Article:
Vaulting Ceilings into Former Attic Space
Seward Park Gables
Repatriating unused attic space to create open rooms with dramatic gabled ceilings.
When these homeowners first moved into their house, they fell in love with the gorgeous views and classic lines of this Seward Park home, but didn’t love the closed-off kitchen and unfinished second story space under the gable roof.
Our goal on the main floor of the home was to open the kitchen to the adjacent dining room and lift the ceiling in those rooms clear to the roof, incorporating the otherwise-useless attic space into the living space. To pull this off this dramatic change, we added exposed trusses and metal collar ties that now play a pivotal role in the architectural drama of the space.
In the newly-open space, the wall behind the range serves as the anchor for the room, highlighted with graphic art tile in a white tile backdrop. The two-tone cabinetry — accented with bronze hardware — helps break up the envelope of white walls and ceiling. A large island offers a great spot for food preparation and casual seating adjacent to the dining room, complete with wood-burning fireplace.
Upstairs, under the steeply-sloping roofline, we carved out a long primary bathroom. The low space under the roof — where there isn’t enough headroom to stand — is the perfect spot for a statement soaking tub, under a skylight, in front of a wallpaper accent wall. A white-painted, wood slat wall serves as a backdrop for the vanity while also tying into to the simple, white tile of the walk-in shower.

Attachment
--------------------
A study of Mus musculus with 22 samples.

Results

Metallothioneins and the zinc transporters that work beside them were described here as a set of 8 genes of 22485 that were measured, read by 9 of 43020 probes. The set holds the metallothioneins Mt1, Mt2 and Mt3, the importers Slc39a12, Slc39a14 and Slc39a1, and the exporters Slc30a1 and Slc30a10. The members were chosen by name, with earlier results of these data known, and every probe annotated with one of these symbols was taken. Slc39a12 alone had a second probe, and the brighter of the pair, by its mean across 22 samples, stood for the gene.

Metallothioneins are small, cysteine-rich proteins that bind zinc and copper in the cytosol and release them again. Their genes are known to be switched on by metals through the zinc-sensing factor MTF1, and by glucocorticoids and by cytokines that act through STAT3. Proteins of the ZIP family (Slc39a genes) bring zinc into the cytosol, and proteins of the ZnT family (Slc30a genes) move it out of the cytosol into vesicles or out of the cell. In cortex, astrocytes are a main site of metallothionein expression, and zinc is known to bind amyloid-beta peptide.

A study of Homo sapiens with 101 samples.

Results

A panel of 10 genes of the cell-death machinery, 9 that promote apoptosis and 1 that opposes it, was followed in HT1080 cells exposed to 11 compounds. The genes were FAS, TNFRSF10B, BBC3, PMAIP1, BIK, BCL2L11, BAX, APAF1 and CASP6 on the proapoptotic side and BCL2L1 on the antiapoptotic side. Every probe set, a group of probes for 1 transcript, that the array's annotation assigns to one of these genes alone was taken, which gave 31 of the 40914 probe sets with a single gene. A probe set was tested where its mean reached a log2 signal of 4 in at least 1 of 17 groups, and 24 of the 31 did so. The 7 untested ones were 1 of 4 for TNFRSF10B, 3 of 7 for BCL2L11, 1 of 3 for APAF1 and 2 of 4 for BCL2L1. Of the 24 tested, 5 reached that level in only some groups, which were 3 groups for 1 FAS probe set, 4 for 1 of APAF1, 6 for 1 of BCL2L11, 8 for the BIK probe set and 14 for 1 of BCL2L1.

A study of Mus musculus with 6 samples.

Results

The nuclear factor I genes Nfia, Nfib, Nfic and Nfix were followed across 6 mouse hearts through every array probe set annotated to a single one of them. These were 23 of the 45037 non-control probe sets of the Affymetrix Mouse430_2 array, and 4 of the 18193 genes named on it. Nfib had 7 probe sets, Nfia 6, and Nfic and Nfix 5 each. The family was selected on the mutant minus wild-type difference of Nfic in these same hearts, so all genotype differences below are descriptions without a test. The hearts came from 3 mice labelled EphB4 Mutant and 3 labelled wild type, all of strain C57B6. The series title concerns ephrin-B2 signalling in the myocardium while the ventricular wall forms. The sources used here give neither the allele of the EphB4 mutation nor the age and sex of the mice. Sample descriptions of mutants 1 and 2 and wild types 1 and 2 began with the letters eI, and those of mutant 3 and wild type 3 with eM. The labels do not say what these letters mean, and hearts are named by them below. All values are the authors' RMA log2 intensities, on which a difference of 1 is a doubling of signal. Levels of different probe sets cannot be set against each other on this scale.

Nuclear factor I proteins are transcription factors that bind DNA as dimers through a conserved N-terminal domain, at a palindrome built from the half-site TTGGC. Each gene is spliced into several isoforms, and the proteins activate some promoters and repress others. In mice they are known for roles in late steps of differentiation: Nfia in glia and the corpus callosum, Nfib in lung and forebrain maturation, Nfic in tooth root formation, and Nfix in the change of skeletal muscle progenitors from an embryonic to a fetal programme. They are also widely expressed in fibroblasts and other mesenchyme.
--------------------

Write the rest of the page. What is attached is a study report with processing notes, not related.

In the bedroom, headroom clearance was also a problem. So, we added an accent wall cutting into the space, pushing the head of the bed into the area with higher clearance. The accent wall functions aesthetically in the same way as the head of a bed would, were it be a piece of furniture: anchoring the head of the bed in the room.
Custom built-in casework in the other low-ceiling-areas of the room helps anchor the roof and provide much-needed, useful storage. The large window in the room also functions as a Juliette balcony: the lower panel of the glass stays put like a railing, while the upper panel slides down. Open rafters and metal collar ties reflect the architecture in the kitchen, tying the whole home together with a shared architectural language.
In the end, the clients now have a home that lives larger and more comfortably, while not actually including any additional space. The dramatic ceiling height helps the home feel bright and airy, letting the focus remain on the gorgeous views and classic lines of the home.